Novel Cul3 binding proteins function to remodel E3 ligase complexes
1 Department of Biology, Portland State University, Portland, Oregon, USA
2 Department of Molecular Biology, Cell Biology and Biochemistry, the Center for Genomics and Proteomics Brown University, Providence, RI, USA
3 Department of Chemistry, Brown University, Providence, RI, USA
4 Present address: National Center for Genetic Engineering and Biotechnology (BIOTEC), Bangkok, Thailand
BMC Cell Biology 2014, 15:28 doi:10.1186/1471-2121-15-28Published: 10 July 2014
Cullins belong to a family of scaffold proteins that assemble multi-subunit ubiquitin ligase complexes to recruit protein substrates for ubiquitination via unique sets of substrate adaptor, such as Skp1 or Elongin B, and a substrate-binding protein with a conserved protein-protein interacting domain, such as leucine-rich repeats (LRR), a WD40 domain, or a zinc-finger domain. In the case of the Cullin3 (Cul3), it forms a BTB-Cul3-Rbx1 (BCR) ubiquitin ligase complex where it is believed that a BTB domain-containing protein performs dual functions where it serves as both the substrate adaptor and the substrate recognition protein.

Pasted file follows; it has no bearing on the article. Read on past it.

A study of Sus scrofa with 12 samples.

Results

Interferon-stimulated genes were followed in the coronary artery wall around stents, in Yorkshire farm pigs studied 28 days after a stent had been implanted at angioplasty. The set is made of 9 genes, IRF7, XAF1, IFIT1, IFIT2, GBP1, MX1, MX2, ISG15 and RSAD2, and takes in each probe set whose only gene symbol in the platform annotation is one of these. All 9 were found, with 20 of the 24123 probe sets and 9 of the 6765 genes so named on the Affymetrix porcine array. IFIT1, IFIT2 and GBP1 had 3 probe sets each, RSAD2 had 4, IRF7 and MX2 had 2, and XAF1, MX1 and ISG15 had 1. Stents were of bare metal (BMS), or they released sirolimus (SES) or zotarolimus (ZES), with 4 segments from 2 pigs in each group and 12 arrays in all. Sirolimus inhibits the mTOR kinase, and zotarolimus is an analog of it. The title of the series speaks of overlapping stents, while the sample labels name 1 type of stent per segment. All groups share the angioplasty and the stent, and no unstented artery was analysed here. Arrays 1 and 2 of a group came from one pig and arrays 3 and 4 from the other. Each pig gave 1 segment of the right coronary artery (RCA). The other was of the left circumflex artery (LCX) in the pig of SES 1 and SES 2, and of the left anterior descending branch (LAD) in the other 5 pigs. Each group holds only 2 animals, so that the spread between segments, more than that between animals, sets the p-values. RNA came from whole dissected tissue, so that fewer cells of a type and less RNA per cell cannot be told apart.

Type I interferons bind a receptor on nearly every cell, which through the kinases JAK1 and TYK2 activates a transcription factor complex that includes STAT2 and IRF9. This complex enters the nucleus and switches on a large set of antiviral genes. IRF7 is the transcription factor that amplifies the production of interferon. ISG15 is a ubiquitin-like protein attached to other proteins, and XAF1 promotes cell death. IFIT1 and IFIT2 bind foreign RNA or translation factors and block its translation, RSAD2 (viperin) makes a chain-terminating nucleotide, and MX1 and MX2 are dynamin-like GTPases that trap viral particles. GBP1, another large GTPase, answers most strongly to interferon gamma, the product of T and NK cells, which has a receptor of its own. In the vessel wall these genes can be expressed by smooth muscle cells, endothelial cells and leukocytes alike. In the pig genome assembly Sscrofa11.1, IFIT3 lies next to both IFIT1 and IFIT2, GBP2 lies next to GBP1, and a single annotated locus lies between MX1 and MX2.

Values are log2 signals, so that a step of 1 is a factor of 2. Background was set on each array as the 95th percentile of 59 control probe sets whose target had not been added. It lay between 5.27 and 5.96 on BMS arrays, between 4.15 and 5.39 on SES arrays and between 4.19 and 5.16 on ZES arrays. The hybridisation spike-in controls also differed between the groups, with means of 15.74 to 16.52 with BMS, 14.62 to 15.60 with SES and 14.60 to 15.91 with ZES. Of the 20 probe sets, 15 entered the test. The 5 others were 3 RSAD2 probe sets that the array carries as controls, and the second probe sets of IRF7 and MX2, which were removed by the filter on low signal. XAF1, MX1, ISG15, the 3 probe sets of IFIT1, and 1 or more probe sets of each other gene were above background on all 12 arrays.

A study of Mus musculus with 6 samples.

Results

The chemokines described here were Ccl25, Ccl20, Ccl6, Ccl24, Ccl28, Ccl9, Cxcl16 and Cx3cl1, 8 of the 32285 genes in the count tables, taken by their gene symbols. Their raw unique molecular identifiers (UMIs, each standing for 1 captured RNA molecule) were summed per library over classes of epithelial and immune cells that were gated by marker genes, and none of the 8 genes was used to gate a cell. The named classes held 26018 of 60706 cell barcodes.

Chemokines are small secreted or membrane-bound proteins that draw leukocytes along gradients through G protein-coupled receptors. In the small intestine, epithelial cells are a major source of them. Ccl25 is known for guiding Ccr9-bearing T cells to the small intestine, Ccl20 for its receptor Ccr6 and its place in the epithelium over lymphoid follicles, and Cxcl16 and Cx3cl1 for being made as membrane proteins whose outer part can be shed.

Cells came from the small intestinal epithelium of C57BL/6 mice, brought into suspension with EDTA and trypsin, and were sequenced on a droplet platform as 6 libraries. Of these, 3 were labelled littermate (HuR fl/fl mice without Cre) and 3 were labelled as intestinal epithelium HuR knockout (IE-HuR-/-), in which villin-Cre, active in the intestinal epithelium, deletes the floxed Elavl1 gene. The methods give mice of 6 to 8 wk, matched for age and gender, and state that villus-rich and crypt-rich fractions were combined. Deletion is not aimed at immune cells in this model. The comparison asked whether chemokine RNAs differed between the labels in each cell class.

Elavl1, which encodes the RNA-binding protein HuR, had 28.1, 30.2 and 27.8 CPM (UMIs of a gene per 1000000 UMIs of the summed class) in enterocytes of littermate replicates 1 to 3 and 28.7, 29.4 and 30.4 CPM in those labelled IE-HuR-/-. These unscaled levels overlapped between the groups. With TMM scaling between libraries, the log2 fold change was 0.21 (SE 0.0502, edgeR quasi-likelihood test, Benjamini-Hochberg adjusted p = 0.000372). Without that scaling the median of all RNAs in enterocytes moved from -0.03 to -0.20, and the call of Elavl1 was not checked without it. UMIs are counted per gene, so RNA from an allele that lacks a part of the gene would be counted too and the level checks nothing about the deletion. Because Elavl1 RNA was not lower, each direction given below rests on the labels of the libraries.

Tandem affinity purification and LC/MS-MS analysis of the BCR complex led to the identification of 10,225 peptides. After the SEQUEST algorithm and CDART program were used for protein identification and domain prediction, we discovered a group of Cul3-bound proteins that contain either the LRR or WD40 domain (CLWs). Further biochemical analysis revealed that the LRR domain-containing CLWs could bind both Cul3 and BTB domain-containing proteins. The dual binding role for the LRR domain-containing CLWs results in causing the BTB-domain protein to become a substrate instead of an adaptor.
To further distinguish potential substrates from other components that are part of the BCR ubiquitin ligase complex, we altered the parameters in the SEQUEST algorithm to select for peptide fragments with a modified lysine residue. This method not only identifies the potential substrates of the BCR ubiquitin ligase complex, but it also pinpoints the lysine residue in which the post-translational modification occurs. Interestingly, none of the CLWs were identified by this method, supporting our hypothesis that CLWs were not potential substrates but rather additional components of the BCR ubiquitin ligase complex.
Our study identified a new set of Cul3-binding proteins known as CLWs via tandem affinity purification and LC/MS-MS analysis. Subsequently, our biochemical analysis revealed that some CLWs modify binding of BTB domain-containing proteins to the complex, causing degradation of the BTB domain-containing protein. As these CLWs were excluded from our list of substrates, we propose that CLWs serve as unique Cul3 binding proteins that provide an alternative regulatory mechanism for the complex.